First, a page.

Taxing and Spending

TAXING AND SPENDING….Jacob Levy responds today to my outrage annoyance over his defense of the Wall Street Journal and their odious “lucky duckies” editorial. His response is too complex to try and summarize, but basically he seems to agree that the WSJ’s editorial was deceptive. However, he also says they did have one good point to make, and that happened to be the point he felt like addressing.

Fair enough. And he might be surprised to know that I agree with much of his post. I think taxes should be transparent, so that people know how much they’re paying; that everyone should pay taxes; that there should be both federal and local taxes; and that it’s generally a good thing to make taxes nondistorting (although that’s a subject so complex as to be nearly impenetrable).

What’s more, I also agree that Social Security should be viewed as simply a program to fund old age pensions, not some special quasi-investment vehicle. We should get rid of the hideously regressive payroll tax and simply fund Social Security and Medicare out of the general fund.

One place where I pretty clearly disagree with Jacob is his preference for a consumption tax rather than an income tax. In the interests of nondistortion (and fundamental fairness), I think that all income should be treated roughly equally, and that includes wages, dividends, capital gains, gifts, inheritances, etc. I very much doubt that this adds all that much complexity to the tax system. (Although I should point out that despite what Jacob says, it’s actually perfectly easy to have a progressive consumption tax. In fact, we’re getting very close to that in the United States these days.)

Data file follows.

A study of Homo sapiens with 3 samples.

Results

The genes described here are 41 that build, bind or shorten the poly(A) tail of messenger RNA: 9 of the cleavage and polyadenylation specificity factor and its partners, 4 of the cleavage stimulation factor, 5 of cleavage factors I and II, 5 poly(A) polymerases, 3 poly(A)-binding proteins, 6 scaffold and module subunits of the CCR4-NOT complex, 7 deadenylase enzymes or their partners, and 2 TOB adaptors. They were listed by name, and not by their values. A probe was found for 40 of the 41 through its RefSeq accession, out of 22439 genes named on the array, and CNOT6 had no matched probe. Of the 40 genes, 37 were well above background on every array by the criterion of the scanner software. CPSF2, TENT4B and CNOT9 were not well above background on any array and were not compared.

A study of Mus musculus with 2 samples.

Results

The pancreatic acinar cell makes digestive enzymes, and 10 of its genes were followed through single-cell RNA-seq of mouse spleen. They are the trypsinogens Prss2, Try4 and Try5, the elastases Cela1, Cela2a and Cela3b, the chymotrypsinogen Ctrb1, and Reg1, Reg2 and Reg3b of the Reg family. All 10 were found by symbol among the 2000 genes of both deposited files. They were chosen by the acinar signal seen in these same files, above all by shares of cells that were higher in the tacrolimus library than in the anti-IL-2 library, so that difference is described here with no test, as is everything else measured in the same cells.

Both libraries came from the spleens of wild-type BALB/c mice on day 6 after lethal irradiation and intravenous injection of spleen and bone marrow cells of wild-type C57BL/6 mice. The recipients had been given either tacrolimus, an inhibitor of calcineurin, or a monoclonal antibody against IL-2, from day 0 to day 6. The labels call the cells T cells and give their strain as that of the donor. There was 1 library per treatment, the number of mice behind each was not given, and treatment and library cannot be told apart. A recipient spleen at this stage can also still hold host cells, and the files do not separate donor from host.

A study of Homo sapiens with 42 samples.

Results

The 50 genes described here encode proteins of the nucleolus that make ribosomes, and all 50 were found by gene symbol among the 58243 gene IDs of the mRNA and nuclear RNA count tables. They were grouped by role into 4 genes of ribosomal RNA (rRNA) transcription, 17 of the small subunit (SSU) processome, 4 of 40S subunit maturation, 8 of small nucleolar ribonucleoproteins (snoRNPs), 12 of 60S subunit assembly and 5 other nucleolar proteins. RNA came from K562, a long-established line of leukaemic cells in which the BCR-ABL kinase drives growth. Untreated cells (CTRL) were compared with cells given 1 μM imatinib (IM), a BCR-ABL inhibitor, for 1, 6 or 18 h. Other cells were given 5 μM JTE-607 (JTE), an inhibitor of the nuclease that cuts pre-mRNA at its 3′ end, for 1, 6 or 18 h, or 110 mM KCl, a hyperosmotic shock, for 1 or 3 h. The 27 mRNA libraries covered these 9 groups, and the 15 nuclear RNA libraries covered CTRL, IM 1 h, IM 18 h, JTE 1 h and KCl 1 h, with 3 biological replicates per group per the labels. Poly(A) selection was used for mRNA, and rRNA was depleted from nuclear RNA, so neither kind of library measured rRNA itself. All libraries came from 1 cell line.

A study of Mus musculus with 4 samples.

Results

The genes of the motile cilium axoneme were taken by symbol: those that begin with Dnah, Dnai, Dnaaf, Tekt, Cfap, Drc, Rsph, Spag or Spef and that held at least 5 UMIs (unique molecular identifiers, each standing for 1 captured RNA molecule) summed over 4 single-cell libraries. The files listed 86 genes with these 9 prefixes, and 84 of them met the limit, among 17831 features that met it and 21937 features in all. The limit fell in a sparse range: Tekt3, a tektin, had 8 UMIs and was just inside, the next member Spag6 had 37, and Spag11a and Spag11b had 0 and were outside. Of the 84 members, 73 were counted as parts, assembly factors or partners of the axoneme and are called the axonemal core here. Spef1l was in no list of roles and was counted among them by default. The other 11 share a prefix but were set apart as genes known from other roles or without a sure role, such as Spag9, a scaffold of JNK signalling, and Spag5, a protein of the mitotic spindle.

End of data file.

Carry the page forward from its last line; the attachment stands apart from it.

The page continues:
So how about if we put this all together into the magical Calpundit impossible-but-very-cool tax plan? Here it is:

There is only one tax in the entire country, the federal income tax. However, all localities are allowed to specify their own percentage to be added to the tax returns of people who live there. Thus, Irvine might decide that the tax rate here will be 1.2%, and this would then be added to my taxes and disbursed directly to the city of Irvine with no federal oversight. Ditto for the County of Orange, the state of California, and any other miscellaneous localities I might belong to.

This would prevent local authorities from creating their own specialized tax regimes based on local conditions, but maybe that’s a good thing. And it would certainly make taxes far more transparent and far easier to administer: I’d only pay one tax, and once a year I’d get a statement telling me just how much I’d paid, something that I can only vaguely guess at today.

Once that’s done, we can then argue about what the tax brackets ought to be, what the lower cutoff for paying taxes is, and other genuinely interesting and substantive questions. And of course we still have corporate taxes to think about, which are a whole different question.

Anyway, there’s nothing really serious here, and there are a million reasons why a single taxing authority would cause problems, but it seemed like a pleasant diversion for a Friday afternoon. After all, don’t you like mulling over tax policy as a bracing little end-of-the-week stimulant?